The BC Interior Forestry Museum launched its Winter Speaker Series on Oct. 22 with a presentation by Dr. Nancy J. Turner, ethnobotanist, distinguished professor and Hakai Professor in ethnoecology, in the School of Environmental Studies at the University of Victoria.
With a focus on traditional knowledge systems, land and resource management systems of Indigenous Peoples of Western Canada, Turner has worked with First Nations elders and cultural specialists for more than 40 years; helping to record, retain and restore their traditional knowledge of plants and environments, including indigenous foods, materials and medicines.
Her new, two-volume book, Ancient Pathways, Ancestral Knowledge: Ethnobotany and Ecological Wisdom of Indigenous Peoples of North America, is the consolidation of her years of research, and an attempt to answer four key questions: “How did the people ever learn all that they know? How did they share that knowledge across time, generations and space? How did they adapt that knowledge for different places, times and conditions? Finally, how can that knowledge be preserved, maintained, brought forward and kept for the future?”
Turner’s love of plants and genuine desire to respect and learn led her to form bonds of trust, creating friendships with many elders including Neskonlith elder, the late Dr. Mary Thomas.
As a child in Salmon Arm, Thomas spent many hours with her grandparents, learning about her Secwepemc culture; travelling to different areas in the mountains, digging root vegetables, picking berries and basket materials. Thomas even shared memories of coming to “Mount Revelstoke by horseback, with her family, to gather food… They collected mountain potatoes – a staple in the winter diet, avalanche lilies and spring beauty down in the valley bottom. When those were finished, her people would move up to the plateaus where they hunted, picked huckleberries and gathered more avalanche lilies and spring beauties.”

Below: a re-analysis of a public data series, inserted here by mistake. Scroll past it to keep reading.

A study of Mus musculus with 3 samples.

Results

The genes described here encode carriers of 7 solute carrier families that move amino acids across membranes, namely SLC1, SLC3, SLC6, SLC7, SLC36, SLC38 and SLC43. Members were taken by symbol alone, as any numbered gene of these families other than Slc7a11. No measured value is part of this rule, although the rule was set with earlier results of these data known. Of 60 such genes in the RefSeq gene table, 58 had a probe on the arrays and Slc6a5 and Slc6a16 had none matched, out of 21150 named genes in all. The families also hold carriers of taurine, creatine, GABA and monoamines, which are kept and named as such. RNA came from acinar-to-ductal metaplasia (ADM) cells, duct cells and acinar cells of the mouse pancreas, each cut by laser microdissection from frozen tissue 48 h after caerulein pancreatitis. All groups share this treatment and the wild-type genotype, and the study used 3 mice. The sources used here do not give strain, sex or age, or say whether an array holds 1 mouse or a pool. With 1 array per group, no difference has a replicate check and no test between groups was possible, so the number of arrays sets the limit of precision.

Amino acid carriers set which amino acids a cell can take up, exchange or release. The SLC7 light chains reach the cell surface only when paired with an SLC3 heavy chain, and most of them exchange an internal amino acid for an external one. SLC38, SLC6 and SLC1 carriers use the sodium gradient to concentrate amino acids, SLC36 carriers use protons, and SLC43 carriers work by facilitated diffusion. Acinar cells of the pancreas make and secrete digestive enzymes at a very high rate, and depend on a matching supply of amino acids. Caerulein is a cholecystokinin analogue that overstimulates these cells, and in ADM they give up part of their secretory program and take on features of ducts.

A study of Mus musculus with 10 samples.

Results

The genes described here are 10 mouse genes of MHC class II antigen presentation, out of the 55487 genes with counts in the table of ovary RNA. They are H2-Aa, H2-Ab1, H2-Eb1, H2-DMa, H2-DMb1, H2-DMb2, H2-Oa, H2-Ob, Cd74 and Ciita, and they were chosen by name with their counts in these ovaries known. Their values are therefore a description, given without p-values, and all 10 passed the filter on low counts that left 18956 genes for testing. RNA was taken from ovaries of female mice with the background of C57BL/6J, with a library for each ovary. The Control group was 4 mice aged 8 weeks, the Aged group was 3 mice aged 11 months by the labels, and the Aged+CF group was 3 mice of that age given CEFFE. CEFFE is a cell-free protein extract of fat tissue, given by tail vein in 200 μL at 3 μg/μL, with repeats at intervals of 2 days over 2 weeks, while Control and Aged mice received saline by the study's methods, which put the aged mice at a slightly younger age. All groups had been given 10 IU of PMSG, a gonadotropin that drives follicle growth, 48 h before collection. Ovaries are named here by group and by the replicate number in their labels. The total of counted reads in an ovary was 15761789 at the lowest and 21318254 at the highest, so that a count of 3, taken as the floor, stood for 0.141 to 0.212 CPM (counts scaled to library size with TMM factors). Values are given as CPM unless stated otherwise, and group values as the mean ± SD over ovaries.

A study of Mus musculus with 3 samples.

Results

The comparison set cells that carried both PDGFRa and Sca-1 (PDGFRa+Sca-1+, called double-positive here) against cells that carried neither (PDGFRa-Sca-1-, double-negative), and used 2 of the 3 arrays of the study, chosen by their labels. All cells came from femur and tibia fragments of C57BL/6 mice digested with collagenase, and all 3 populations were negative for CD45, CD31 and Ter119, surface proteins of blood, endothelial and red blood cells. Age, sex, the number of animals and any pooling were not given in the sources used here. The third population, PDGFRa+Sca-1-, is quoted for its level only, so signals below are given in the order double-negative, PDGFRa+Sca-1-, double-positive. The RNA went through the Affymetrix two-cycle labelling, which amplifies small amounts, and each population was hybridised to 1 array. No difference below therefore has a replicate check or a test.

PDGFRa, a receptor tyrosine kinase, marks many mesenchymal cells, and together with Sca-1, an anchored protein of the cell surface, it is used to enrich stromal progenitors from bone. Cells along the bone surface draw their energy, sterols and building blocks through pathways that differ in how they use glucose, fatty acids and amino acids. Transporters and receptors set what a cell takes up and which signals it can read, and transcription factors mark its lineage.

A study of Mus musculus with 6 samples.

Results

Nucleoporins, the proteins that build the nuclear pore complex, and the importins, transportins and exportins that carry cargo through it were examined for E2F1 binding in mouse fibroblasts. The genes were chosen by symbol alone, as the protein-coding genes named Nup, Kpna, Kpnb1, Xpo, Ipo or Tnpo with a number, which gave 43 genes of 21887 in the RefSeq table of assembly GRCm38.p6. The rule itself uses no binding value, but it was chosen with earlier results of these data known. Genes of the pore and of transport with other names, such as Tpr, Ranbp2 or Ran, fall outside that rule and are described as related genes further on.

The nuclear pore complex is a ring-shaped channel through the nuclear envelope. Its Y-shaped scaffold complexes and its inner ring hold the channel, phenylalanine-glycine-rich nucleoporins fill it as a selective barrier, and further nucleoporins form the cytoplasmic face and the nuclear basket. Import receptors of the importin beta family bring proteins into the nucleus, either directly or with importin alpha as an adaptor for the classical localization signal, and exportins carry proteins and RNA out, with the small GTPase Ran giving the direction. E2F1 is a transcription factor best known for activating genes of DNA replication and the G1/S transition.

Many root vegetables would have been harvested in the Revelstoke area, as well as cow parsnip, the inner bark of trees, black lichens and medicines.
Turner’s research has contributed to a growing understanding that plant and animal use involved complex management traditions.
Through ecological and social practices, indigenous peoples have intentionally influenced the quality and quantities of the foods and materials being produced in nature.
Plants and environments are manipulated through large-scale and long-term activities, such as the use of berms or terracing to create and extend habitat for root and clam gardens; and by the very detailed actions of pruning individual shrubs to stimulate new growth. Indigenous Peoples are found to be longtime cultivators, applying a range of traditional practices and leaving minimal impact.
Turner suspects areas around Revelstoke would have been strategically burned, creating prime hunting and berry-picking grounds.
Social management strategies to share knowledge are deeply rooted in tradition, embedded in narratives and ceremonies; reinforcing the respect and responsibility of ensuring resources are kept in good condition.
Turner has compiled a comprehensive look at the traditions of indigenous peoples and sees the potential for the application of these strategies in a modern context. She sees how humans can have a positive influence on biodiversity and the productivity of their ecosystems by becoming caretakers.
The Winter Speaker Series is brought to you by the BC Interior Forestry Museum. Visit their website at bcforestrymuseum.ca, or their Facebook page for information on future events.